In their Heart manuscript, Noubiap et al 5 report the findings of a meta-analysis that estimates the prevalence of apparent resistant, true resistant and pseudo-resistant hypertension among patients with treated hypertension. By including 91 cohort or cross-sectional studies with over 3.2 million patients with hypertension in total (most of them from high-income countries), they estimated the prevalence of resistant hypertension across different geographical regions. Overall, the unadjusted prevalences of apparent resistant, true resistant and pseudo-resistant in the entire population of patients with treated hypertension were 14.7%, 10.3% and 10.3%, respectively. However, more important than the absolute estimates reported, the significant and largely unexplained statistical variability in this meta-analysis highlights the challenges of measurement and interpretation of the burden of resistant hypertension.
One of the main challenges is the definition of resistant hypertension itself. As the systematic review by Noubiap et al 5 reveals, the definitions used to classify patients with apparent resistant hypertension varied substantially between studies, with some adopting the AHA and others the ESC definition. Some of the studies were based on selected patient populations and might not have been representative of the treated or total hypertensive population. Thus, it is perhaps not very surprising that estimates for resistant hypertension ranged from 5% to 35% in the identified studies. Relatedly, the overall pooled estimate of 14.7% is likely to be even less reliable when put in the context of the recently changed AHA guidelines, which have lowered the threshold for resistant hypertension to 130/80 mmHg.6 This, together with recent evidence from clinical trials suggesting that a strategy of combining multiple classes of antihypertensives at low doses might yield better BP reductions than the conventional approach of maximum uptitration of fewer agents,7 seems to have made obsolete the concept of labelling patients to have resistant hypertension simply because they are prescribed three or four antihypertensives.
As Noubiap et al 5 point out, it is more important to know the true prevalence of resistant hypertension after pseudo-resistance has been excluded than to have an overall estimate of apparent resistant hypertension. However, only 12 studies involving about 75 000 individuals were identified that had reported the prevalences of true resistant and pseudo-resistant hypertension, and these were mainly hospital-based and relied on office-based BP measurements. Not only was the range of estimates among studies very wide, but the proportion of patients having pseudo-resistant versus true resistant hypertension was very different among the studies included. For instance, in some studies two-thirds of the patients had pseudo-resistant hypertension and in others the proportions were reversed, with over two-thirds having true resistant hypertension (see figure 2 of the paper). Accurate determination in clinical practice and research studies of whether resistant hypertension is actually attributable to ‘a refractory disease or a refractory patient’8 is complex and not always possible. Surveys such as that conducted by Tomaszewski et al 9 using high-performance liquid chromatography-tandem mass spectrometry urine analysis showed that at least a quarter of patients did not comply with BP-lowering treatments. Thus, the prevalence of true treatment resistance is also likely to change as more sophisticated methods for exclusion of pseudo-resistance are adopted.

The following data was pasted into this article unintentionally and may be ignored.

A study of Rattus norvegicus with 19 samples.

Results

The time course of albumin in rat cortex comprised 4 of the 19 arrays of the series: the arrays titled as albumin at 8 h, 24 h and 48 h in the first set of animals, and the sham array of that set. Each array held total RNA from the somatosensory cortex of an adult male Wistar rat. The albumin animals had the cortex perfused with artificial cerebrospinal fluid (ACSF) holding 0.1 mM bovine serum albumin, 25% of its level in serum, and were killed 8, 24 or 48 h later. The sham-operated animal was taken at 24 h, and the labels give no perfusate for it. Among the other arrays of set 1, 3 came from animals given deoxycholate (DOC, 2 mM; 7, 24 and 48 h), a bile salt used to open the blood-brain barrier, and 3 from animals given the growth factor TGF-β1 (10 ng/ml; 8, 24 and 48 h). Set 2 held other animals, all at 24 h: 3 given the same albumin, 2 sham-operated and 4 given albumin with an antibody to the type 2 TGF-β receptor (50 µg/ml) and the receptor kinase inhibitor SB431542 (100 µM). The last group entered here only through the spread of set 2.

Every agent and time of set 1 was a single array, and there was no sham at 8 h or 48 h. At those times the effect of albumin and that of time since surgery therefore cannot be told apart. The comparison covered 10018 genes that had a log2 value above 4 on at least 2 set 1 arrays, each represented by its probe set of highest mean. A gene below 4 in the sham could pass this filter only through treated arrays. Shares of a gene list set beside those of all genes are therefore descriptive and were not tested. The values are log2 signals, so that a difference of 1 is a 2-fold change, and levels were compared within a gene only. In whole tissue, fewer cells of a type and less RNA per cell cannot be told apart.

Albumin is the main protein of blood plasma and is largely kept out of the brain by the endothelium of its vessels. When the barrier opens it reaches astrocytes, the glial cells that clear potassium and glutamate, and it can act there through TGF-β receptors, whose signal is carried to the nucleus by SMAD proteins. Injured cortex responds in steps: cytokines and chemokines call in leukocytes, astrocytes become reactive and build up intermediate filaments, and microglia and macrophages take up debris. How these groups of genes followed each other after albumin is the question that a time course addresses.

In conclusion, Noubiap et al 5 remind us that resistant hypertension affects a sizeable proportion of patients with treated hypertension, and about half of them have true resistant hypertension that requires more aggressive BP management to avoid the deleterious consequences of persistently elevated BP. The study also reveals that the concept of resistant hypertension, particularly ‘controlled’ resistant hypertension and the number of drugs used, may deserve to be revised in keeping with the recent decrease in diagnostic thresholds and multidrug low-dose treatment recommendations for hypertension.
Contributors All authors contributed to drafting and have approved the final manuscript.
Funding The authors acknowledge funding by NIHR Oxford BRC and Oxford Martin School.
Competing interests None declared.
Patient consent Not required.
Provenance and peer review Commissioned; internally peer reviewed.